In the study Improving the Safety of Ambulatory Intravenous Chemotherapy in Canada, a serious safety concern emerged relating to the organization of materials and work processes during pharmacy admixture. The study report included a recommendation that only one mix at a time enter the biological safety cabinet (BSC). The response to this recommendation from the pharmacy community in Canada has been positive and there is an interest in implementing this change across the country. However, there has been a concern that this approach to mixing will increase preparation times and that additional staffing may be required. This potential impact had not yet been validated or quantified.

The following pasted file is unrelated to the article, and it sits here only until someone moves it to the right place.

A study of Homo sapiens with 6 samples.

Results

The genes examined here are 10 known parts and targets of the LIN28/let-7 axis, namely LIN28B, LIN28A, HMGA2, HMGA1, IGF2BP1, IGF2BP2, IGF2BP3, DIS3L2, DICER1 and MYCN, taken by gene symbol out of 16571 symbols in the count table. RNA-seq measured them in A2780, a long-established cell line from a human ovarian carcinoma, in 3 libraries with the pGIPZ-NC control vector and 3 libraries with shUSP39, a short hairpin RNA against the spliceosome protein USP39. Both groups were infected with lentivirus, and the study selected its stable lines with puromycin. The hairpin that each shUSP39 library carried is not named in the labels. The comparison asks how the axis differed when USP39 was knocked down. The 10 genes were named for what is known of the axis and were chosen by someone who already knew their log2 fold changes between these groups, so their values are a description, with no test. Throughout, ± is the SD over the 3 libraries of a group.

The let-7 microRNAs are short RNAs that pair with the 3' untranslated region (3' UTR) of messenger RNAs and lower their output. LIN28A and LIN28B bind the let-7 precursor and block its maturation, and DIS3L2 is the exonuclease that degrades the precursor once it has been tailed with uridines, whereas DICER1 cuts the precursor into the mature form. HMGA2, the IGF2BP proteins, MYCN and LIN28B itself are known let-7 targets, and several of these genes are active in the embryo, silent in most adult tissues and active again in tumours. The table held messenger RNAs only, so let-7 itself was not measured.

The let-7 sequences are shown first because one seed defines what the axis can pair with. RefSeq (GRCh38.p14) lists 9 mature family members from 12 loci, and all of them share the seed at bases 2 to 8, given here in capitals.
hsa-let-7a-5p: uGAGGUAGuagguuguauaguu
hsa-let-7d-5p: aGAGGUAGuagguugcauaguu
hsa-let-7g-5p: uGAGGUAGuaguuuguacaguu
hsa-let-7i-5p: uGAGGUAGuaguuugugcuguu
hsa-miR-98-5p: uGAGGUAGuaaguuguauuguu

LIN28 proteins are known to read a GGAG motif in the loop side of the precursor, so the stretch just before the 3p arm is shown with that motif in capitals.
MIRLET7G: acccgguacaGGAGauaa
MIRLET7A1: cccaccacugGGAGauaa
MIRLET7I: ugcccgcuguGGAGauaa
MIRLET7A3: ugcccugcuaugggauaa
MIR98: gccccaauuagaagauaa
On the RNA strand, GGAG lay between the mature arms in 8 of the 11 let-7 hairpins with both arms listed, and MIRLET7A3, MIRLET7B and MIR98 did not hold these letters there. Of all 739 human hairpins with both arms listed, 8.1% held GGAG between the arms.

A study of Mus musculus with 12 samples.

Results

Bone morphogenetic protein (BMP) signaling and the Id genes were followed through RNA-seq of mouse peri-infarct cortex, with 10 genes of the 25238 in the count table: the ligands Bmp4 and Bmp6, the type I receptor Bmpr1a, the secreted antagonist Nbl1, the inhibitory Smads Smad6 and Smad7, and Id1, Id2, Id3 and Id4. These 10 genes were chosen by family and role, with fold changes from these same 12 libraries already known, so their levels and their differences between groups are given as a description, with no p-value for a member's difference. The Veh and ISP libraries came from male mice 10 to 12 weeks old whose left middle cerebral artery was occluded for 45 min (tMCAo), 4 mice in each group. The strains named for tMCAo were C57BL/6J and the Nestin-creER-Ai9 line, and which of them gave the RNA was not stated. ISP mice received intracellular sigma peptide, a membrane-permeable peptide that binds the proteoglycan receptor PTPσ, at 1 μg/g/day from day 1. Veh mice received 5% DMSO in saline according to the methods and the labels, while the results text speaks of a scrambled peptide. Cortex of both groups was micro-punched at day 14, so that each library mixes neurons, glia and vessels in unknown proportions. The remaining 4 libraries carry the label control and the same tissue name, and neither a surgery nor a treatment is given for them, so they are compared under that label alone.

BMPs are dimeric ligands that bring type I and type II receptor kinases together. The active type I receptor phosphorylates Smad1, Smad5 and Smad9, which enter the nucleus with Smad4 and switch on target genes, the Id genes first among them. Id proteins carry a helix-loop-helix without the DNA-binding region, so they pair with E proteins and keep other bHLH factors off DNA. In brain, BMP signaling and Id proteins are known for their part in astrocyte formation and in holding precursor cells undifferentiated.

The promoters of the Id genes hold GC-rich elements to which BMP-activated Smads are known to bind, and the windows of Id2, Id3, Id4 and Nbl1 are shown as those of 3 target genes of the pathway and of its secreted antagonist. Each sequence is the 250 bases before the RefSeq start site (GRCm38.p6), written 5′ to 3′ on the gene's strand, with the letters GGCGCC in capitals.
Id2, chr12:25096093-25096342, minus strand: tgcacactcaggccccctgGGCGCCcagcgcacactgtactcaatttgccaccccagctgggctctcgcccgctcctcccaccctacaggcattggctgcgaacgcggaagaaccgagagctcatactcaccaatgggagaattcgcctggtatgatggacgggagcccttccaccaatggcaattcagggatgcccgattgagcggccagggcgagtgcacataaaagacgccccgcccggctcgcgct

Objectives for this project were to:
At two community sites, current practices were observed and analyzed. Staff then performed pre-determined mixes of real chemotherapy regimens for simulated patients, while their actions and timing were documented. HumanEra then worked with local staff to make workflow changes, and after a month, returned for more observations and a repetition of the mixing simulation.
Results showed that when sites performed one mix at a time, their practice was at least as efficient, or more efficient. The study also helped better define the concept of “one mix at a time” and identified some additional safety improvements that could be made to practice in oncology pharmacies.
CancerCare Manitoba Foundation
White, R. (2012, Oct). Improving chemotherapy preparation safety through process changes: Workload and workflow implications. Presented at the National Oncology Pharmacy Symposium 2012, Saskatoon, Saskatchewan.